Alarmingly, the landscape of Britain, especially its capital, has assumed an aspect of alien, dystopian desolation. Its origin was three months of pandemic lockdown; the more recent cause is the paralysis of government, national and local, in the face of intimidation by the violent and wholly unrepresentative elements of a mob that is successfully dictating its agenda to the elected authorities. This weekend, London is disfigured by sinister-looking wooden rectangles enclosing the statues of our monarchs, statesmen and national heroes. They have become monuments to the eclipse of civilisation.
Those statues, confined in cubes like nuclear waste, include three of our kings and Sir Winston Churchill – the man who did more than any other individual in 20th century history to defeat rampant racism of a viciousness and scale unimaginable to modern “woke” demonstrators. They have compiled a “hit list” of 78 memorials they insist must be removed, across 39 towns and cities, 12 of them in London. They include monarchs, prime ministers, a holder of the Victoria Cross and national hero Nelson on his famous column, the global epitome of London. It is a project to erase large parts of Britain’s history, to create a tabula rasa in iconography, a revolutionary Year Zero.
The pretext for visually deleting our heritage is to protect monuments from rioters. That limp excuse predicates the inevitability of riots and the impossibility of containing them. The message it sends to the perpetrators of violent disorder is: you have won. These clashes on Whitehall would have been illegal at any time, but they take on an extra dimension of nihilism in the light of the fact that Britain is still on lockdown against a deadly pandemic. Demonstrators should have been dispersed at the first signs of their congregating.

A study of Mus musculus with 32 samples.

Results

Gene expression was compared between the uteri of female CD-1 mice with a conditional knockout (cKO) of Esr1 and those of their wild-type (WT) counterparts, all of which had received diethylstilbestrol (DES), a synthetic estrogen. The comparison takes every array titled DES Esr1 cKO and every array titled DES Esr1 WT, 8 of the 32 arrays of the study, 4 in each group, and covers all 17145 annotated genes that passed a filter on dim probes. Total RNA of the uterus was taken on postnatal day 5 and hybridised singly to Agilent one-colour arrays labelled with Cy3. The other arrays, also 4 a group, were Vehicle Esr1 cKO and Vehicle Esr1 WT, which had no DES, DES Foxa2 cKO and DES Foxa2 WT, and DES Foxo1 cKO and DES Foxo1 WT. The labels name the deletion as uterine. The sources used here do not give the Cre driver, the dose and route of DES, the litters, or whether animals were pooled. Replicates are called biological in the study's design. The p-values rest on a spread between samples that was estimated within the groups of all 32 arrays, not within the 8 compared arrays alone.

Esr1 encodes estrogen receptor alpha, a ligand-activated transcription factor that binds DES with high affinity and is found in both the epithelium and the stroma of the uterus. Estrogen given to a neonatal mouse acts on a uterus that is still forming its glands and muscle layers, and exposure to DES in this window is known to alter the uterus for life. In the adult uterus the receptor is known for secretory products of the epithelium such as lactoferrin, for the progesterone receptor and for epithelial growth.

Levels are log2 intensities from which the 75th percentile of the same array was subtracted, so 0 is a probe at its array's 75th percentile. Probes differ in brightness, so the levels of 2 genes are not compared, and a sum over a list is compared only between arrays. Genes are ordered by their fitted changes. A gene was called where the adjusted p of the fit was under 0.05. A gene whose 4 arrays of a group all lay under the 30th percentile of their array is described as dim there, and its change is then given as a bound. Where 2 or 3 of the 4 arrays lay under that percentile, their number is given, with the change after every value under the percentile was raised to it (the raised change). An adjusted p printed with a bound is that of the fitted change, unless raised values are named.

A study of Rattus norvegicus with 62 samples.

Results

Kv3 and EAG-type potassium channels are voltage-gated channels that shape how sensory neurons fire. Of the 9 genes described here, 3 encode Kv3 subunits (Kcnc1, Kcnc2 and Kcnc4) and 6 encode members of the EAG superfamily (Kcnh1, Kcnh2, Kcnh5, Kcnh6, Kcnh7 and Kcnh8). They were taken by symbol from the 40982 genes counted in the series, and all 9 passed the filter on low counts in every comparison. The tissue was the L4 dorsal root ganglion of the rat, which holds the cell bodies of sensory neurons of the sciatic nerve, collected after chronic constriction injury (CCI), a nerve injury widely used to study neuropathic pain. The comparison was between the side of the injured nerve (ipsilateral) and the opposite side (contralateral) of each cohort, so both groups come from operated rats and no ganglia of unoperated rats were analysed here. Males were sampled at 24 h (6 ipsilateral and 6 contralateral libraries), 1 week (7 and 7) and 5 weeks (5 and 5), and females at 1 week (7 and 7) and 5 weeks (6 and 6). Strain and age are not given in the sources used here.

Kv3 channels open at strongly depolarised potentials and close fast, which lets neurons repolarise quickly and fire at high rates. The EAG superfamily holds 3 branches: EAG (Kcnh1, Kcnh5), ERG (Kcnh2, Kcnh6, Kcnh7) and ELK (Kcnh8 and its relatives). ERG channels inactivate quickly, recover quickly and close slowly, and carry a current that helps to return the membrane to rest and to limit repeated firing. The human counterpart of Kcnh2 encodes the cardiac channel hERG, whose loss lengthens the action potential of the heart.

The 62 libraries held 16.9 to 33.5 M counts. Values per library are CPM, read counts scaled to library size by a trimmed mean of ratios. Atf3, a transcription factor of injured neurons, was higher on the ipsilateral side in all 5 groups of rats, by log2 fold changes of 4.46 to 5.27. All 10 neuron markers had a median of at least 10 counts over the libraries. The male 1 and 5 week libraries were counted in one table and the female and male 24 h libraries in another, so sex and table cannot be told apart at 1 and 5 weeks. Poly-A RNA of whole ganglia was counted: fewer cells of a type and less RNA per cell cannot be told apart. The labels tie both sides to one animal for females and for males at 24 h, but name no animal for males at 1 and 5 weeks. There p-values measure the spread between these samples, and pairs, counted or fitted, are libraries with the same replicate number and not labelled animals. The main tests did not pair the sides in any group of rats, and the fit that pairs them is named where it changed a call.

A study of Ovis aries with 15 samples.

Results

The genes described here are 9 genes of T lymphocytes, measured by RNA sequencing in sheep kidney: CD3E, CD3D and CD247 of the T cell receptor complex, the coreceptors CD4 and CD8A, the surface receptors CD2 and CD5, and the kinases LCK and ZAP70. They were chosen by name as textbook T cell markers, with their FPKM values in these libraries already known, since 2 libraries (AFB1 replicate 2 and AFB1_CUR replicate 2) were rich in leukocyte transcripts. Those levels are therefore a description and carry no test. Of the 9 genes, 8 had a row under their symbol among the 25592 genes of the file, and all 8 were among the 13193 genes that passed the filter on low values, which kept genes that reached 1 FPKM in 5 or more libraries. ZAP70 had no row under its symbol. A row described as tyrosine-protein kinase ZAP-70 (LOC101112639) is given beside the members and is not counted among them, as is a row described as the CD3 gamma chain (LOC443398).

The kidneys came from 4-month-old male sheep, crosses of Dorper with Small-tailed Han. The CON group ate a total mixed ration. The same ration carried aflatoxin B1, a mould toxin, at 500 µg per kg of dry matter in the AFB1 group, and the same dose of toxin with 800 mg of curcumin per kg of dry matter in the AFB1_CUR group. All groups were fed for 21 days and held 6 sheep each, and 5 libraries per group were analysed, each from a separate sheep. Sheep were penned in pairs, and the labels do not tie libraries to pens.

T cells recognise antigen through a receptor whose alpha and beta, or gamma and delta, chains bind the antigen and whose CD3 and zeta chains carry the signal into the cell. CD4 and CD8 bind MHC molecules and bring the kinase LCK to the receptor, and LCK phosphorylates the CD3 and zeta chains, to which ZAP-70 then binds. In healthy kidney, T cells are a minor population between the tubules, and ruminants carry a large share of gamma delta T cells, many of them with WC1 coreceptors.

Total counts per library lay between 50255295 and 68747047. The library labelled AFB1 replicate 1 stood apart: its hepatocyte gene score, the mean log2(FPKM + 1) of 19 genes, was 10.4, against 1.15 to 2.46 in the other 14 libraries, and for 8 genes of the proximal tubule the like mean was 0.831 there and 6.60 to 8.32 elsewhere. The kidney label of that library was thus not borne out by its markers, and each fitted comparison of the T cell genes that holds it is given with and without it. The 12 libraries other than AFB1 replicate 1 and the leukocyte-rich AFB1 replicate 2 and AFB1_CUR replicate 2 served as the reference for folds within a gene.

Police were not backward in harassing lonely sunbathers during lockdown, so why permit thousands to assemble cheek-by-jowl? They appear to have been crippled by deference to the demands of the more extreme protestors.
It is fashionable to claim we have an obligation to reappraise our society and its alleged faults. True, we do need to revisit many of our assumptions, including an objective investigation of the scale and incidence of racism, but it should not come at the price of abandoning all historical nuance and rational debate.
The unjustified slur that Britain is an inherently “racist” nation today must also be repudiated. This country has, successfully, opened its doors to millions of immigrants, but further integration is made more difficult by the most militant campaigners, often extravagant white liberals, relentlessly engendering a culture of grievance and victimhood that seeks to divide.
Many of the supporters of the organisation Black Lives Matter want peaceful change. BLM started in the US with a sensible outlook and noble goals rooted in tackling serious social problems. It has since been hijacked by the far-left. Anyone who doubts that should look at the British website – UKBLM – raising large sums of money for the campaign and advocating (on the “read more” section) the dismantling of capitalism and the abolition of the police.
In this way, just as, historically, many scoundrels wrapped themselves in the Union flag, today the catch-all mantra of “anti-racism” and “anti-fascism” is being deployed to mask a totalitarian agenda.
Troublingly, most mainstream politicians – with very few exceptions – appear too terrified to point any of this out. The Prime Minister had a modest go at speaking out on Friday, on Twitter. But he and his colleagues will have to go much, much further. They must make the case clearly in defence of the rule of law, democracy and civic order.